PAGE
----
Cable news personality Chris Cuomo’s newly-minted NewsNation program saw slightly higher ratings for its second episode, with just under 200,000 households tuning in to his program on Tuesday.
Preliminary figures released by Nielsen Media Research showed Cuomo improved in overall viewers and with viewers between the ages of 25 and 54 years old, a key demographic for cable news advertisers.
The data shows around 193,000 households tuned in to watch some or all of “Cuomo” on NewsNation Tuesday evening, up from 147,000 viewers for his inaugural broadcast one day earlier.
On Tuesday, Cuomo told viewers he would start the program fast with several rapid-fire topics, then take things slow as the show progressed. As he did on Monday, Cuomo promised to cover several topics of importance and interest, including Hurricane Ian, the protests in Iran and the ongoing war in Ukraine — then, just as he did on Monday, he barely covered any of those topics.
The episode saw interviews with three nurses who complained that healthcare organizations did not do enough to support them during the pandemic, though they offered no specific grievances. Cuomo allowed the nurses plenty of time to air their vague complaints, but never explored any potential solutions to those problems.
Cuomo also did not invite any executives from leading healthcare organizations to comment on the grievances. Instead, he told viewers those executives would be invited at a later date, and if they declined his invitation, he would “expose them,” whatever that means.
The broadcast also saw a lengthy and rambling interview with sports podcaster Stephen A. Smith, who was asked various questions about injuries in the National Football League and an ongoing scandal brewing in the world of women’s professional soccer. The conversation was largely uninspiring, resembling what two friends might discuss over drinks at a local Chili’s, but within the constraints of time (there are commercial breaks to get to, after all).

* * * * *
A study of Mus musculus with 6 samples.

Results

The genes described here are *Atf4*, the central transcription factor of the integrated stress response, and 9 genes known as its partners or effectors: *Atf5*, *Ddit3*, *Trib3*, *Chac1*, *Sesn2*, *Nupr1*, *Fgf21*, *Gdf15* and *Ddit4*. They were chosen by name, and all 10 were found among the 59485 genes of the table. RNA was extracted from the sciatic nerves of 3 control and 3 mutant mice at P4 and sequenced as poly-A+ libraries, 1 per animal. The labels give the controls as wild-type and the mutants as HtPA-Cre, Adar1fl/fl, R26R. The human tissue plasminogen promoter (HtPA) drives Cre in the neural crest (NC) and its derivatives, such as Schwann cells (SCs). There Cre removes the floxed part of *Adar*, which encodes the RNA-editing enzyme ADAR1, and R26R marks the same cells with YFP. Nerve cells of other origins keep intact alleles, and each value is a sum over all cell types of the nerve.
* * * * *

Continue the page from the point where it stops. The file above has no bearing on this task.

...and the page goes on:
Cuomo also aired the second part of his interview with comedian Bill Maher, which was taped Friday evening at the conclusion of Maher’s HBO program. The discussion centered mostly around politics, with Maher repeating the same kind of rhetoric that he offers during “Real Time.”
At one point, Cuomo noted that Maher was nominated for several Emmy awards, but often lost to other satire late night shows like “Last Week Tonight with John Oliver,” which airs on HBO two days after Maher’s program. Maher largely shrugged off the comparison, saying his lack of awards was a consequence of speaking his truth.
The program ended with Cuomo taking calls from two viewers, one of whom was a registered nurse. He then tossed to legal pundit Dan Abrams, whose show airs immediately after “Cuomo” on NewsNation. Abrams complained at length that the executives at NewsNation took weeks to get him a coffee mug branded with his show’s name, while Cuomo seemed to get his coffee mug in just a matter of days.
The second program repeated many of the same issues as the first, in that it appeared to lack any structure. Instead, Cuomo took many opportunities to promise viewers that he would hold people to account and stay on top of stories that matter — and then spent practically no time doing any of that.
While more viewers did take a curious look at the broadcast compared to Monday evening, the majority of cable news audiences decided to stick with more-interesting and better-produced programs on Fox News, MSNBC and CNN.
Cuomo not only owes his audiences better, he owes his new bosses better, too: Nexstar took a leap of faith on Cuomo after he was fired for violating CNN’s journalistic ethics earlier this year. At NewsNation, Cuomo is getting a second chance to reinvent the cable news program in a way that is both interesting and informative. So far, he has failed to achieve both of those things. But the show is still fresh, and the first few episodes of any program are typically rough around the edges. It takes weeks for a program to find its rhythm.
Still, Cuomo is no rookie — he knows what works and what doesn’t, and he needs to deliver.